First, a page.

June 21, 1989|NORMAN KEMPSTER and JIM MANN | Times Staff Writers

WASHINGTON — The Bush Administration, its military aid plan for non-Communist rebels in Cambodia stalled on Capitol Hill, has decided that it would accept a compromise solution for a new government in that nation involving shared power between Prince Norodom Sihanouk and the present Vietnamese-backed regime, The Times has learned.

By agreeing to endorse the sort of settlement that it previously had scorned, the Administration has given Sihanouk, its favorite Cambodian leader, important maneuvering room to negotiate a deal that would freeze out the Khmer Rouge, the murderous Communist faction blamed for the deaths of more than a million Cambodians when it ruled the nation between 1975 and 1978.

Vietnam, which has occupied Cambodia since its invasion in 1978, has announced that it will withdraw its troops by Sept. 30, leaving the government, led by Hun Sen, to fend for itself. Unless there is agreement on a new interim government, the country almost certainly will be plunged into civil war once Hanoi's troops go home.

Sihanouk, Cambodia's best known and most durable politician, is the key to any negotiated settlement. He would be unlikely to complete a deal without at least tacit American backing.

But what Sihanouk will do with his new latitude is not yet clear. The prince currently is part of a very uneasy anti-Vietnamese alliance with the Khmer Rouge and a third group, the Khmer People's National Liberation Front, led by former Prime Minister Son Sann. But he has hinted that he is willing to abandon the Khmer Rouge in favor of a coalition with the current government.

The U.S. government has decided that a Sihanouk-Hun Sen coalition would be acceptable, provided it does not impede the total withdrawal of Vietnamese troops from Cambodia, prevents the Khmer Rouge from regaining control and ultimately results in self-determination for the Cambodian people, according to Administration officials.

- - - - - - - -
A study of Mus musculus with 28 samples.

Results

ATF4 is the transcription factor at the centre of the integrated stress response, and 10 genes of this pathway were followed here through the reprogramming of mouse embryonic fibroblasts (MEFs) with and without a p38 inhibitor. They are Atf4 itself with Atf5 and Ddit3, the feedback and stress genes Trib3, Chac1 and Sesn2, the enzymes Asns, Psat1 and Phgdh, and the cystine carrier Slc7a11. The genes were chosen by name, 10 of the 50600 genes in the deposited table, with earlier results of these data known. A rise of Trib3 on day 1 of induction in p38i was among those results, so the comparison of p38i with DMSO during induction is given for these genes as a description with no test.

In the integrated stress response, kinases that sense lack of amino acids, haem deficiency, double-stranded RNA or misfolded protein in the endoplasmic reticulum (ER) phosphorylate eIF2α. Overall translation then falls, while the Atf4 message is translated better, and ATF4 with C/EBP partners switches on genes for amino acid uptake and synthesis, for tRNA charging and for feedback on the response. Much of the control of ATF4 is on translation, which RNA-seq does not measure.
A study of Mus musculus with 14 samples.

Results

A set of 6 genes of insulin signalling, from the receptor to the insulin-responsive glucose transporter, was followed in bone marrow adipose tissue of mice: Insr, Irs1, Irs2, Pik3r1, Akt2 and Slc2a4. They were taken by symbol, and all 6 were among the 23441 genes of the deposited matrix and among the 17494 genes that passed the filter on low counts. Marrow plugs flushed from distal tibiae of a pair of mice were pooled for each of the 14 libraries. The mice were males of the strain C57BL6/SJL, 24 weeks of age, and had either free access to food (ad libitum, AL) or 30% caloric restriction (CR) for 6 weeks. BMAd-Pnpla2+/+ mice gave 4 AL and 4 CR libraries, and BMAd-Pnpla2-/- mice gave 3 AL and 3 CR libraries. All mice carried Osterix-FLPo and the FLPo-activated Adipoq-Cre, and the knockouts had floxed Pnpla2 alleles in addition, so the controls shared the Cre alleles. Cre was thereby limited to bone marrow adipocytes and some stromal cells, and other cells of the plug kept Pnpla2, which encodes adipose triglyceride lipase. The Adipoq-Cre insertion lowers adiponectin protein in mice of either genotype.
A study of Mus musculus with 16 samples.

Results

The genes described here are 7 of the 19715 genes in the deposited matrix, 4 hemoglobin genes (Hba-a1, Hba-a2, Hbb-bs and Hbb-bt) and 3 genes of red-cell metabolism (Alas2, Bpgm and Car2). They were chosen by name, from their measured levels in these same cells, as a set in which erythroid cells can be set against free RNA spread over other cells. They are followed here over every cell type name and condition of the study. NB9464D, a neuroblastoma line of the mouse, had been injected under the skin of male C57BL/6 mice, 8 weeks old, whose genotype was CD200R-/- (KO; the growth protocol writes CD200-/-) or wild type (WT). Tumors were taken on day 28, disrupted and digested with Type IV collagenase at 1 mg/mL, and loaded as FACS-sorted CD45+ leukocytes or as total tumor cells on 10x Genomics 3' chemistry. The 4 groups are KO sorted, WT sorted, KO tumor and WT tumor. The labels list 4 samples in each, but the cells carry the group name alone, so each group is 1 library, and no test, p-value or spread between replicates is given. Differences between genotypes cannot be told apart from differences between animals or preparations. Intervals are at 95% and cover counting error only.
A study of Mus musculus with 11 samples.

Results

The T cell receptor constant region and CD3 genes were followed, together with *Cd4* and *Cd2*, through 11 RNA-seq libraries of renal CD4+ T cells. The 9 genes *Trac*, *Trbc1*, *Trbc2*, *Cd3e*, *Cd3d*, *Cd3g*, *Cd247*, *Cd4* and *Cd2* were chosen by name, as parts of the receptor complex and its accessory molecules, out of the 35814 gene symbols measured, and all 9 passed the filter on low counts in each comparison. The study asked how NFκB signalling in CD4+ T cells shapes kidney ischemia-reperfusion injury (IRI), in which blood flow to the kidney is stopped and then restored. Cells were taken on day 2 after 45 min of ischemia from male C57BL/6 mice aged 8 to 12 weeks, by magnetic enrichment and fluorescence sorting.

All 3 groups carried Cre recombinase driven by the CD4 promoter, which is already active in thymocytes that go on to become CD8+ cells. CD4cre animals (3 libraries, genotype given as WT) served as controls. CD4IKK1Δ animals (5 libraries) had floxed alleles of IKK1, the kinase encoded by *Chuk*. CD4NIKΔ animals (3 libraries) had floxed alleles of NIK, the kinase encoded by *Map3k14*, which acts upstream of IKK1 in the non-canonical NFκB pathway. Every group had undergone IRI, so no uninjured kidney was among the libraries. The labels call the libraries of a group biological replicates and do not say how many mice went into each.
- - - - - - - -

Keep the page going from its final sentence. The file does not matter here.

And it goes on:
In effect, the Administration is prepared to support Sihanouk if the prince works out a deal that would give the Hun Sen regime a larger slice of power as a way to checkmate the Khmer Rouge.

Earlier, the United States backed a four-party coalition that would include the non-Communist factions led by Sihanouk and Son Sann along with the Khmer Rouge and the Hun Sen regime. U.S. officials envisioned a delicately balanced government with Sihanouk as its head in which the Khmer Rouge and the Hun Sen factions would offset each other, limiting their influence.

The Administration would prefer a government in which Sihanouk and Son Sann shared power and both Hun Sen and the Khmer Rouge were left out. But U.S. officials concede that the non-Communist factions lack the military and political muscle to take power by themselves.

With between 30,000 and 40,000 battle-tested guerrillas, the Khmer Rouge is generally believed to be the strongest of the three anti-Vietnamese factions.

To offset Khmer Rouge military might, the Administration had hoped to strengthen the non-Communist groupings by supplying them with up to $30 million worth of weaponry and other military aid. But that proposal ran into strong opposition on Capitol Hill, despite the support of Rep. Stephen Solarz (D-N.Y.), the chairman of the Asia subcommittee of the House Foreign Affairs Committee.

Opponents of the military assistance plan, led by Sens. Claiborne Pell (D-R.I.), chairman of the Foreign Relations Committee, and Alan Cranston (D-Calif.), chairman of the panel's Asia subcommittee, were uneasy about entangling the United States in another Indochinese military struggle and were concerned that the weapons ultimately would fall into the hands of the Khmer Rouge.

"There is widespread opposition to any covert lethal assistance to Cambodia," a Senate staffer said. "The Congress has effectively stopped military aid.

"The congressional position, above all else, has been adamantly opposed to any return of the Khmer Rouge," he said. "If the Administration now plans to work with Sihanouk as he works for a relationship with Hun Sen, this would not produce any objections on the Hill. The Administration is taking the course of realism. Realism in a matter like this will play very well on the Hill."

In its earlier support for a four-faction coalition, the Administration paralleled China's policy. The Beijing government, a bitter foe of Vietnam, has long provided weapons to the Khmer Rouge. In recent years, China insisted on a role for its ally in a future Cambodian government but, at the same time, promised to prevent the Khmer Rouge from seizing total power.

Washington's new willingness to accept a Sihanouk-Hun Sen coalition probably reflects the deterioration in U.S.-China relations following China's brutal repression of pro-democracy demonstrators. It may also indicate that the United States no longer trusts China to prevent the Khmer Rouge from taking control.

There is no certainty that agreement can be reached on either the four-party or the two-party solution. And the Khmer Rouge may continue to fight if it fails to obtain a share of power at the negotiating table.